Reviewed by Beverley Tallon

Posted September 12, 2022

The town of Bonavista, N.L., has a lengthy history. It was first settled in the 1600s by immigrants from southern England, who were followed by others from Ireland. Their livelihood was derived primarily from fishing, and their way of life continued throughout the centuries until the 1992 cod moratorium.

Author Bruce Whiffen was born and raised in Bonavista. He notes that the town’s early population was of a “transitory nature.” The 1708 census included thirteen boat keepers, eight wives, seventeen children, and eighty servants — “mostly boys or young men hired on a yearly basis to support the seasonal fishery.” As the population grew and Bonavista became a more stable community, new settlers arrived to take on positions as clergy, schoolteachers, merchants, magistrates, and politicians.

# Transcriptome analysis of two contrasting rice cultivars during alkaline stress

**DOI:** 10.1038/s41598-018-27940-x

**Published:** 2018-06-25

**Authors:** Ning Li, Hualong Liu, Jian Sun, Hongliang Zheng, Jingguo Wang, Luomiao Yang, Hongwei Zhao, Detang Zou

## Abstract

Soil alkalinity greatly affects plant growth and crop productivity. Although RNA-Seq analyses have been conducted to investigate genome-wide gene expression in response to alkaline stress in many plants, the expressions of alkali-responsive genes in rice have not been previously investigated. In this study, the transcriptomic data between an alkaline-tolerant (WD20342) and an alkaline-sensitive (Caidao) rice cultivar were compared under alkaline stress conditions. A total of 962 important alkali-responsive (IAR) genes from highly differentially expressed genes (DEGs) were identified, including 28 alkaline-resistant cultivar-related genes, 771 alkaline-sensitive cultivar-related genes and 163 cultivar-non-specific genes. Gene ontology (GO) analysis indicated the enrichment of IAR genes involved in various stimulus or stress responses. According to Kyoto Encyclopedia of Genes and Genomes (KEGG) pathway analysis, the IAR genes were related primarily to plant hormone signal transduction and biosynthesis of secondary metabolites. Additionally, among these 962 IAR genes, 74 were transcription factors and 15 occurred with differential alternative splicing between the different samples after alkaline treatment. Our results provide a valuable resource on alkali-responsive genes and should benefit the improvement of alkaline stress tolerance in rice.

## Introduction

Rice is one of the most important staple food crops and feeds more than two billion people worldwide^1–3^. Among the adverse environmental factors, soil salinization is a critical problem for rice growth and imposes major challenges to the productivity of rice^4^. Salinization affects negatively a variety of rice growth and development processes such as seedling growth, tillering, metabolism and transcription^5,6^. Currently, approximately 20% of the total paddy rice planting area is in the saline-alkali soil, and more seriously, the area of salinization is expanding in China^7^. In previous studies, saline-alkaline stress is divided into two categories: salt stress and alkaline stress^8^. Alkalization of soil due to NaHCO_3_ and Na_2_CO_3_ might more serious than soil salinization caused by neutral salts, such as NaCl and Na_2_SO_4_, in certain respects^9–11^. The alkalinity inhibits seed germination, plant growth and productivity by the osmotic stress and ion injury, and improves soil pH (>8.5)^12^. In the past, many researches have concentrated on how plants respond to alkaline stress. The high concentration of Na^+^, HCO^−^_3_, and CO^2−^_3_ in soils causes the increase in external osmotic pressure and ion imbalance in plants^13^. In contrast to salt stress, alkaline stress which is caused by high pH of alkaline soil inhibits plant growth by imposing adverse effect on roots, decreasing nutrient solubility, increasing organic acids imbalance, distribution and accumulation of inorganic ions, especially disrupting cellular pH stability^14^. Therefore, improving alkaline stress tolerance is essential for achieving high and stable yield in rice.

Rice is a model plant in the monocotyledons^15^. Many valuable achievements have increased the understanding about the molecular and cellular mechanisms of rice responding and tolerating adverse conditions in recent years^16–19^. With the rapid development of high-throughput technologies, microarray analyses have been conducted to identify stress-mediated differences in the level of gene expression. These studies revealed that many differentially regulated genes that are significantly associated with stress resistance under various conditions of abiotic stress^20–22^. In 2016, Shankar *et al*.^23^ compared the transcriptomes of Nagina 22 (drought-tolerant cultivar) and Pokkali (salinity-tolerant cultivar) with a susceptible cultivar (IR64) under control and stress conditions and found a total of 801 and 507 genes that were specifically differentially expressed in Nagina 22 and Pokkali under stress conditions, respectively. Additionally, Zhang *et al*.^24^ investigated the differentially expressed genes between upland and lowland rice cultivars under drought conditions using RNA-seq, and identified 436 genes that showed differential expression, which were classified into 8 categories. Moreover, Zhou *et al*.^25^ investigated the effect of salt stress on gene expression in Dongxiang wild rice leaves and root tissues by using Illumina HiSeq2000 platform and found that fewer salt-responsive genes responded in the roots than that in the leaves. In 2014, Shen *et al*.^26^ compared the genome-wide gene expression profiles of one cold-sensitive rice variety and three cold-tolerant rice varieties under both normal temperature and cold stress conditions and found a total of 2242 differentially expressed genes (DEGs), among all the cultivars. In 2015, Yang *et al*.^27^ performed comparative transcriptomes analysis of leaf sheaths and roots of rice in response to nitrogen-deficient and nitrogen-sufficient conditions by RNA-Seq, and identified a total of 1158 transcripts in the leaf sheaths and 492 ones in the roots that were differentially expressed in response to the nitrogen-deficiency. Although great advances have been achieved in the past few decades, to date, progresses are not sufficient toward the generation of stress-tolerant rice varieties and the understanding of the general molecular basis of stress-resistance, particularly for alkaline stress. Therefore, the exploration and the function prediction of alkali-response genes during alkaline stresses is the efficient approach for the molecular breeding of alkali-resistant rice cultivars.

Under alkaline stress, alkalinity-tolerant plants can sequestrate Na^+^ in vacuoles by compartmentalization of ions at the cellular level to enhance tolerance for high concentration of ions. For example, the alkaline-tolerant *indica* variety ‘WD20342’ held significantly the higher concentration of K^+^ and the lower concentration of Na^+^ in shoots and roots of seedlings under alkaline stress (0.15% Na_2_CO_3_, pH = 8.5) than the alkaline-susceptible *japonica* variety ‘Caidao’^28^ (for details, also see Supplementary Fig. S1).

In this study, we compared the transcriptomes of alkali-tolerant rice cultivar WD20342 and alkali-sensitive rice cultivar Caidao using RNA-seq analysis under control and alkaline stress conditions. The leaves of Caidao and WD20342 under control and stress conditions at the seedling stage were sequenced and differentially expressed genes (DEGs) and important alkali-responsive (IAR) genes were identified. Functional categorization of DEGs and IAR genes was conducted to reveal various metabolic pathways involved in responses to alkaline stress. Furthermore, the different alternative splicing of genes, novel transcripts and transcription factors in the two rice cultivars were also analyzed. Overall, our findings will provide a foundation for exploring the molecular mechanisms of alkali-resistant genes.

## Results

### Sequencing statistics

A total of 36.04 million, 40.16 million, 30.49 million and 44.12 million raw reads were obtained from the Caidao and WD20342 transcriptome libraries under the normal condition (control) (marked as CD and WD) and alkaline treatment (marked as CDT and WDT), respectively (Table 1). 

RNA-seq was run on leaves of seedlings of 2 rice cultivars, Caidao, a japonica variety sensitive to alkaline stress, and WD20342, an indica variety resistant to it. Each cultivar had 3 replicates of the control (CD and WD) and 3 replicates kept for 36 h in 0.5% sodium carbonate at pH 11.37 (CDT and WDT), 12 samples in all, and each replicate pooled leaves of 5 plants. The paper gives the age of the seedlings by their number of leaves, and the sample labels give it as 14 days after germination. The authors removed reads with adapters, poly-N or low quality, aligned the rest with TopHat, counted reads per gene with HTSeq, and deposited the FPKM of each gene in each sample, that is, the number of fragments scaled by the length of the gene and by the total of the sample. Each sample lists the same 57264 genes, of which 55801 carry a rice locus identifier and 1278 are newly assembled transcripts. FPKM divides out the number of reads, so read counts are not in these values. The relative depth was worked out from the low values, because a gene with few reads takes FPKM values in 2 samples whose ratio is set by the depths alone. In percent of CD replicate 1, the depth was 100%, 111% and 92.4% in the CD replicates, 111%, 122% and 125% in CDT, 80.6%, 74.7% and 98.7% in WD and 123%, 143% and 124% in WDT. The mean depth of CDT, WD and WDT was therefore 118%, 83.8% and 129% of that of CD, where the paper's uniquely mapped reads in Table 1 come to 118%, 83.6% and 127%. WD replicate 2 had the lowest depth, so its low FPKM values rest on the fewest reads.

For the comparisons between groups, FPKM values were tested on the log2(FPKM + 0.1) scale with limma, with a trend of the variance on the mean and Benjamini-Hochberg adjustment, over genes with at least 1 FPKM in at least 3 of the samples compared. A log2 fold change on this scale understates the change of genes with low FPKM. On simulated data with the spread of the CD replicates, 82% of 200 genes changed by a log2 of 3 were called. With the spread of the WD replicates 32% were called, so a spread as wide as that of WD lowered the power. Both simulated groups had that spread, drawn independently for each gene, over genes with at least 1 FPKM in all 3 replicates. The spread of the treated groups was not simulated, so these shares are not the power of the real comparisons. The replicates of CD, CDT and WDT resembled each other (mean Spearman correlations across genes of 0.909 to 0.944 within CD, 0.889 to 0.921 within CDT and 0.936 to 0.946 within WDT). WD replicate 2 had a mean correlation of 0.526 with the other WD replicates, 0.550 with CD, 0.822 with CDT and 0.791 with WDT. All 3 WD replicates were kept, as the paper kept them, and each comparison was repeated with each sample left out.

Whiffen emphasizes that the explorer John Cabot and his men “claimed this land for the King of England in the midst of an established habitation.” In the chapter entitled “Indigenous Peoples,” he acknowledges the first settlers in the Bonavista area — the Maritime Archaic Indians of four thousand years ago, who were followed by the Palaeo-Eskimos, or Dorset, and then the Beothuk, or Little Passage people. Tragically, the Beothuk were exterminated by disease, violence, and competition for food sources.

In Bonavista, information about the area’s geology and natural history is augmented by numerous maps, photos, charts, and quotes from journals and letters to build a well-rounded portrait of the people and history of the town.